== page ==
It goes without saying that writing is good for kids. In addition to practicing an essential life-skill that’s used in all professional fields, kids gain a lot from writing: vocabulary and grammar, yes, but also empathy, self-discipline and self-expression. And it doesn’t really matter what they’re writing: humorous poetry, fantasy stories, journalistic accounts of their grandparents’ lives, descriptions of their time spent at school, anything they write is a potential source of fun and learning.
But how can parents and educators encourage children to write in an age where children are bombarded with new forms of media from all directions? Well, by embracing them! Film, comics, television and games can be rich, literary sources to stimulate kids’ (and adults’) minds. The American Libraries Association, for example, publishes an annual reading list of comics and graphic novels for kids. The New York Public Library runs the NYPL Arcade, a sort of “book discussion club for games”, where intellectual games are publicly discussed.
So if your kids really enjoy a particular TV show, why not get them to write a short script and film them acting it out on your smartphone? Or have them draw and script a side-plot for their favorite comic!
Games, in particular, are enjoying increasing attention as tools for education and artistic expression. And the good news is, there are tons of free tools out there to help kids make their own games.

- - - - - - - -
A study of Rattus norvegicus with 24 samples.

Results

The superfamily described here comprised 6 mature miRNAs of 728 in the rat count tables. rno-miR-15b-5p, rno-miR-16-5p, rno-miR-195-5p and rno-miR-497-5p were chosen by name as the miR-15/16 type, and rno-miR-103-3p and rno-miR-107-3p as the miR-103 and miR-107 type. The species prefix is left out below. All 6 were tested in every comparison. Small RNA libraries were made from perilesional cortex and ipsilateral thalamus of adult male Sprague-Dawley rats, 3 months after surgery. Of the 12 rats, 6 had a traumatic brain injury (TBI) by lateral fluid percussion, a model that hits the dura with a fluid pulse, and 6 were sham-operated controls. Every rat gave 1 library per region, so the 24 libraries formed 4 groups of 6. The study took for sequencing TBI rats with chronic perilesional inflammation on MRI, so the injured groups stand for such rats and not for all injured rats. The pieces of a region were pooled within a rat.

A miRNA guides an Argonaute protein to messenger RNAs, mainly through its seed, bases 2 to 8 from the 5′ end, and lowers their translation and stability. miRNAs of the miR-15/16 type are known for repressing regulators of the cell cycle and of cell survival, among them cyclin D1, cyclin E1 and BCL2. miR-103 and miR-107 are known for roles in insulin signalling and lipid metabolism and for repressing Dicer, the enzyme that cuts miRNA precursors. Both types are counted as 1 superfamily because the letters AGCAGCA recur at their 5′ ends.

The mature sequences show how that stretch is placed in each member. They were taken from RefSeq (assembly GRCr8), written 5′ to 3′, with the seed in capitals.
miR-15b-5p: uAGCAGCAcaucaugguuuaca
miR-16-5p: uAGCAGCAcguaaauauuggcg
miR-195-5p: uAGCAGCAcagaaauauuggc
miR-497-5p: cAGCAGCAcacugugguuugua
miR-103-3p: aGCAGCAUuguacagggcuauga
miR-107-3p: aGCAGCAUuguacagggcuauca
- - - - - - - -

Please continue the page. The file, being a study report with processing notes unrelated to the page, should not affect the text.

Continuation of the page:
Of particular note is the popular open-source tool Twine, originally created by Chris Klimas in 2009, and now maintained by an entire community of fans. Twine games are hybrid entities, interactive stories that straddle the line between “game” and “short story”. They’re like the Choose Your Own Adventure, games of the 80’s. Twine games/stories are all about reading and making choices (“You chance upon a wounded animal in the woods. Do you try and bandage its wound, or bring it some food?”), and the tool is very easy to learn, with a whole host of tutorials available on-line.
Check out Twine at twinery.org.
Debate: Why American Students Can’t Write (The Atlantic)
Reality Bytes: Eight Myths About Video Games Debunked, Henry Jenkins (gamesforchange.org)
Twine, the Video-Game Technology for All, Laura Hudson (New York Times)
Writing IF, Emily Short (Emily Short’s Interactive Storytelling)
Featured Image Source: Wikimedia Commons.